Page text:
House passes bill to raise some off-campus hospital outpatient department rates

Some off-campus hospital outpatient departments (HOPDs) could be grandfathered into receiving outpatient payment rates under a piece of legislation passed by the House. The legislation—known as “The Helping Hospitals Improve Patient Care Act” (HHIPCA) (H.R. 5273)—would provide an exception to new off-campus HOPD payment rules for off-campus facilities that were “mid-build” when the Bipartisan Budget Act of 2015 (BBA) (P.L.114-74) was enacted. According to the Congressional Budget Office (CBO), the legislation, which also seeks to modify other Medicare payment rules, would increase direct spending by $50 million over the 2017 to 2021 period and decrease direct spending by $14 million over the 2017 to 2026 period.

HOPDs

The BBA’s HOPD payment rules require that Medicare pay for services furnished in new off-campus facilities as though those they were performed in an office or ambulatory surgical center. The new legislation would exempt mid-build HOPDs—facilities that were under construction on November 2, 2015—from the BBA rule and allow them to continue to receive outpatient rates at those facilities (see Lawmakers lend hospitals helping hand to improve patient care, Health Law Daily, May 19, 2016). The CBO estimates that the payment exception for mid-build HOPDs would be the most costly part of the legislation, increasing net Medicare spending by $750 million over the 2017-2026 period. The bill would also cut direct spending by $750 million over that same period by reducing the inpatient prospective payment system (IPPS) payment rate by 0.04 percent in fiscal year (FY) 2018.

Cancer hospitals

The legislation would also provide an exemption to the HOPD payment rules for cancer hospitals. Under the proposed law, cancer hospitals at new off-campus locations would continue to be paid at cancer hospital rates. The law would implement an attestation requirement for cancer hospitals seeking the higher payment rates and give HHS $2 million to audit those attestations. Overall, the CBO estimates, the cancer hospital provisions of the HHIPCA would increase direct spending by $20 million over the 2017 to 2021 period but have no net budgetary effect over the 2017 to 2026.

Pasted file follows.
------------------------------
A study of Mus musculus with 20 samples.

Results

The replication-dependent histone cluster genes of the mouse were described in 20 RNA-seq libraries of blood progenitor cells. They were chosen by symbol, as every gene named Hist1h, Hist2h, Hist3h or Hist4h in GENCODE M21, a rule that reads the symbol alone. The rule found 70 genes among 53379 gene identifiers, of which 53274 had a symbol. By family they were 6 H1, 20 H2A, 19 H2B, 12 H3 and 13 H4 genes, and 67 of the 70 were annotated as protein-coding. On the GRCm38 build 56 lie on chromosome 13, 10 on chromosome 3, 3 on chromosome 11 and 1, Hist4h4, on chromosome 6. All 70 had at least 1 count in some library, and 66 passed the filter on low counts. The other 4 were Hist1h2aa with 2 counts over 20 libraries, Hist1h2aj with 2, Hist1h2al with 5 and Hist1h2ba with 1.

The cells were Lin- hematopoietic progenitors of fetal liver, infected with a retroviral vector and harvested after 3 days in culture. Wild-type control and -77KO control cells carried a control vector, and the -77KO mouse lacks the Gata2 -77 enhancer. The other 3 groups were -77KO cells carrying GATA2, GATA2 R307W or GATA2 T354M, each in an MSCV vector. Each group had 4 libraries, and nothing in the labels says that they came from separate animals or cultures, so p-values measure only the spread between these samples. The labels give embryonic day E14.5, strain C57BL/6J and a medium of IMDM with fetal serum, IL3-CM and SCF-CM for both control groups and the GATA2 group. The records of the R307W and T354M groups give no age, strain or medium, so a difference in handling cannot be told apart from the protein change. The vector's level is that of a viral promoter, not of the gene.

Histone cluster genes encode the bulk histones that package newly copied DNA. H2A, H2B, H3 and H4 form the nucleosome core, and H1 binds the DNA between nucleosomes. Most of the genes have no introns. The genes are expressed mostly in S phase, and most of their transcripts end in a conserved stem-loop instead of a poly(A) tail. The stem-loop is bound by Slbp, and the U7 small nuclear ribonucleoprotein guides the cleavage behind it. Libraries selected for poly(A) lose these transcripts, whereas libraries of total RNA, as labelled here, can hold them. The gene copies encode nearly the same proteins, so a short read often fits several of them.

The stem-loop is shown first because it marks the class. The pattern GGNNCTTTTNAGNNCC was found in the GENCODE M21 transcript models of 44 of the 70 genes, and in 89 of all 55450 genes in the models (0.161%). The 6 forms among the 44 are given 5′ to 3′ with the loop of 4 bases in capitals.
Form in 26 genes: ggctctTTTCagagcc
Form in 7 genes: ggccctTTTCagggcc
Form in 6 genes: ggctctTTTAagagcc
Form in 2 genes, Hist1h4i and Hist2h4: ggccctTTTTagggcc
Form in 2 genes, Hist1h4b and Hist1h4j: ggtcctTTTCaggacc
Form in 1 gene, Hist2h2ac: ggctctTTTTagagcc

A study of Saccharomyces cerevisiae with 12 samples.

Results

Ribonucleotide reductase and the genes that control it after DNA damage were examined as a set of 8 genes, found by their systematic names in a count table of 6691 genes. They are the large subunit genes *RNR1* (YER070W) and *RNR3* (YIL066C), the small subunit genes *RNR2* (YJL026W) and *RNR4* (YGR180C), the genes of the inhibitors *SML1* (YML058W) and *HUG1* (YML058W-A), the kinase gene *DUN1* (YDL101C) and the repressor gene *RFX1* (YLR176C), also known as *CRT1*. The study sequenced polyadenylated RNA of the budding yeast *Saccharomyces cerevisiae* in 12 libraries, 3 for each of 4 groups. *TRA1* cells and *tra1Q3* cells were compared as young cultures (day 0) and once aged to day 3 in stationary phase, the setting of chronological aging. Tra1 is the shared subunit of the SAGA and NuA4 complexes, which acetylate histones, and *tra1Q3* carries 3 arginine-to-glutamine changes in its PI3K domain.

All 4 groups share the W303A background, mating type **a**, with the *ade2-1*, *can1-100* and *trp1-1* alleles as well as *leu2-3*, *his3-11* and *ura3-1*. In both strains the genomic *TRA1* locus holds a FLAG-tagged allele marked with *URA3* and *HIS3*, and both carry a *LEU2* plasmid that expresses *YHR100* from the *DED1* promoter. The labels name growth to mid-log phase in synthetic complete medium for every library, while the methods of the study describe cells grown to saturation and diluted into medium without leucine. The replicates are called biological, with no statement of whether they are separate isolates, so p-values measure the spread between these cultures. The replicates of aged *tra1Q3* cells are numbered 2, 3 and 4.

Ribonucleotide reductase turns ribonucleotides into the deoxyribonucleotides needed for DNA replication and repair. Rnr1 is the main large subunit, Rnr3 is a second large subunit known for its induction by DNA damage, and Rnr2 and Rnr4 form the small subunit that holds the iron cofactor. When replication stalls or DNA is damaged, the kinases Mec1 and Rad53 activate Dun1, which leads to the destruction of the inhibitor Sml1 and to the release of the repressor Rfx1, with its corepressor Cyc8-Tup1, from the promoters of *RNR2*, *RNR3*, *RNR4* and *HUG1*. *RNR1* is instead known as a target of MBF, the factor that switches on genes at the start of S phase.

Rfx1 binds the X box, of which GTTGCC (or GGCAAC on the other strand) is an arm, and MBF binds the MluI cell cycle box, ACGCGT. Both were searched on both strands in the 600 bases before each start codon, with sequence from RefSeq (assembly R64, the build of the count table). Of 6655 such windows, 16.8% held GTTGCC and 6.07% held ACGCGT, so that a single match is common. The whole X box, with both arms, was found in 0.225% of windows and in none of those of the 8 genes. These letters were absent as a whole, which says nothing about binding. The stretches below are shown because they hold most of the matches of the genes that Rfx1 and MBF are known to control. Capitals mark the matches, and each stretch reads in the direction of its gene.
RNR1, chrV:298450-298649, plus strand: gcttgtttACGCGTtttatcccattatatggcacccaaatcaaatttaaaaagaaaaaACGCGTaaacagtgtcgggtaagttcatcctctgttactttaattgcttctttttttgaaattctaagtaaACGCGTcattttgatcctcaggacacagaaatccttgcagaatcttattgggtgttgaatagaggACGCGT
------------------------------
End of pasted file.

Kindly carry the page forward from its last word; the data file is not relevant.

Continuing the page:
EHRs

The law would also exempt eligible professionals based in ambulatory surgical centers (ASCs) from punishment under the electronic health record (EHR) meaningful use program. The exemption from compliance with EHR standards would apply to payments made in calendar years 2017 and 2018 and continue with the Merit-Based Incentive Payment System (MIPS) beginning in 2019. The CBO estimates that the exemption would exempt approximately 2000 ASC-based professionals from penalties related to EHR use—penalties that the CBO expects to average about $3000 per professional. The CBO estimates that the EHR provision would increase direct spending by $17 million over the 2017 to 2026 period.